I was sitting in at a discussion on military resources recently, when someone asked for the reason why the risk of suicide rate for female veterans is 250 percent higher than the civilian women.  The discussion continued, but my first thought was, I’m a female combat veteran why don’t you ask me?  I went through the transition process.  And right behind that was the thought in my head that said suck it up and drive on – you got nothing to complain about.

But here’s the thing.  When we leave the military, we all suffer the disconnect of not belonging, the feeling of isolation, and the inkling that people are not really seeing us for what we are.  We tend to keep to ourselves because the everyday conversations that go on around us raise our hackles; they seem so inconsequential compared to what we have gone through.  Women are born nurturers and when called to action with the necessity to keep emotions at bay, it makes returning to the civilian life disorienting.  The swing of two emotional extremes; the emotional dump or the lack of emotion creates a doubt on our confidence to react properly in the civilian world.  Adjustment takes time and sometimes, time is the enemy.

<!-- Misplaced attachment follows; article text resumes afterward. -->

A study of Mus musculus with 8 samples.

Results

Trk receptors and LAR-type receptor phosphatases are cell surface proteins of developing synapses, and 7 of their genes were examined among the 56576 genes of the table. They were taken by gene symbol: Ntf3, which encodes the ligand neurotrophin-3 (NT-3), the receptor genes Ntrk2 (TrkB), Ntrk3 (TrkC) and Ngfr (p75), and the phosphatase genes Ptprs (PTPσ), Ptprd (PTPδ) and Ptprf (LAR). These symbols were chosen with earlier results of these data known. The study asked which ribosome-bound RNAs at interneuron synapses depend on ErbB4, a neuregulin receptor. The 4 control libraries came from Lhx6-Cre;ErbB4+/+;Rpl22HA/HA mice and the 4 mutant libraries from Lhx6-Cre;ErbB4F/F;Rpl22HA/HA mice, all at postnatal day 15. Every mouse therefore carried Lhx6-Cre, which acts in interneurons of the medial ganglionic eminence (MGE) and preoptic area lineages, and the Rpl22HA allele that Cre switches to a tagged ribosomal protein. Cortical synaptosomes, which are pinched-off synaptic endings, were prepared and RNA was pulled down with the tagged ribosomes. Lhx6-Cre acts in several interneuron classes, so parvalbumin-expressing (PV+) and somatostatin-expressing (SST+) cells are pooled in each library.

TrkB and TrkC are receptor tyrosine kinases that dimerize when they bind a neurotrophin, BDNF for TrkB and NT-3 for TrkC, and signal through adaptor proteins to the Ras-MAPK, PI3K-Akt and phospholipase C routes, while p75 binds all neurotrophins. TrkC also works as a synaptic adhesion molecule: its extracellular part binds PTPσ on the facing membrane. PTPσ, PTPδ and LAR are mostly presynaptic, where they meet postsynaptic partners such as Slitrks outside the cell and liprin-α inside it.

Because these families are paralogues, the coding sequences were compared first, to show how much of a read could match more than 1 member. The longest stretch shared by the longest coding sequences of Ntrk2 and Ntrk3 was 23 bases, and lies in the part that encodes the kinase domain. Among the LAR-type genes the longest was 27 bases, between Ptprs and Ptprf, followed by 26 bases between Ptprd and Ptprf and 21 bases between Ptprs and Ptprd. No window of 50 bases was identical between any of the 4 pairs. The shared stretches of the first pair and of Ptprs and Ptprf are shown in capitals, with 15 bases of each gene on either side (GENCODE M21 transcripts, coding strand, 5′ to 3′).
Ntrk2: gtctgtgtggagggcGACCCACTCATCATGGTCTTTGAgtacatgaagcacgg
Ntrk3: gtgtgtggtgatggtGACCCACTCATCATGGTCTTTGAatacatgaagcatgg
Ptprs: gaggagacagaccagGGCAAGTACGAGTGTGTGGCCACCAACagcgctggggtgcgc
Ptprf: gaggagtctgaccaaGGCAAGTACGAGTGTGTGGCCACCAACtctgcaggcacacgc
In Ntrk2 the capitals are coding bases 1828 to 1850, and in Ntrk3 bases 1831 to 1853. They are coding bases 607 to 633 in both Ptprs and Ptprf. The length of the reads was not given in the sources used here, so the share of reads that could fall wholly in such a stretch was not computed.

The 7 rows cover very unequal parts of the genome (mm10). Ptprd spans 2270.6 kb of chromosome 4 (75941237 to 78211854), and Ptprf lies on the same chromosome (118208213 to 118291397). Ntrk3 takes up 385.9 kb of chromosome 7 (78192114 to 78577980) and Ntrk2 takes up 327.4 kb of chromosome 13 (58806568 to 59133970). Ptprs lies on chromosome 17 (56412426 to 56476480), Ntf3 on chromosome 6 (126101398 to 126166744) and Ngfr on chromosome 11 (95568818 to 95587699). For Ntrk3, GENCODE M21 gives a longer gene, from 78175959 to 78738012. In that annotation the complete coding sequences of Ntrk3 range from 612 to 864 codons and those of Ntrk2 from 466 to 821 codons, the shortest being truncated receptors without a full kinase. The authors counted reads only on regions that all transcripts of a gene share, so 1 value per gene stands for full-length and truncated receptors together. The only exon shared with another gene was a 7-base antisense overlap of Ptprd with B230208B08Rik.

To get a more succinct explanation, read It’s Time to Address the Staggering Rate of Suicide Among Servicewomen and Female Vets by Kate Hendricks Thomas and Kyleanne Hunter.

We have to acknowledge that each of us has a different response to the things we have experienced during our service in the military.  Knowledge and understanding go a long way towards bridging the gap with our transition to our best life.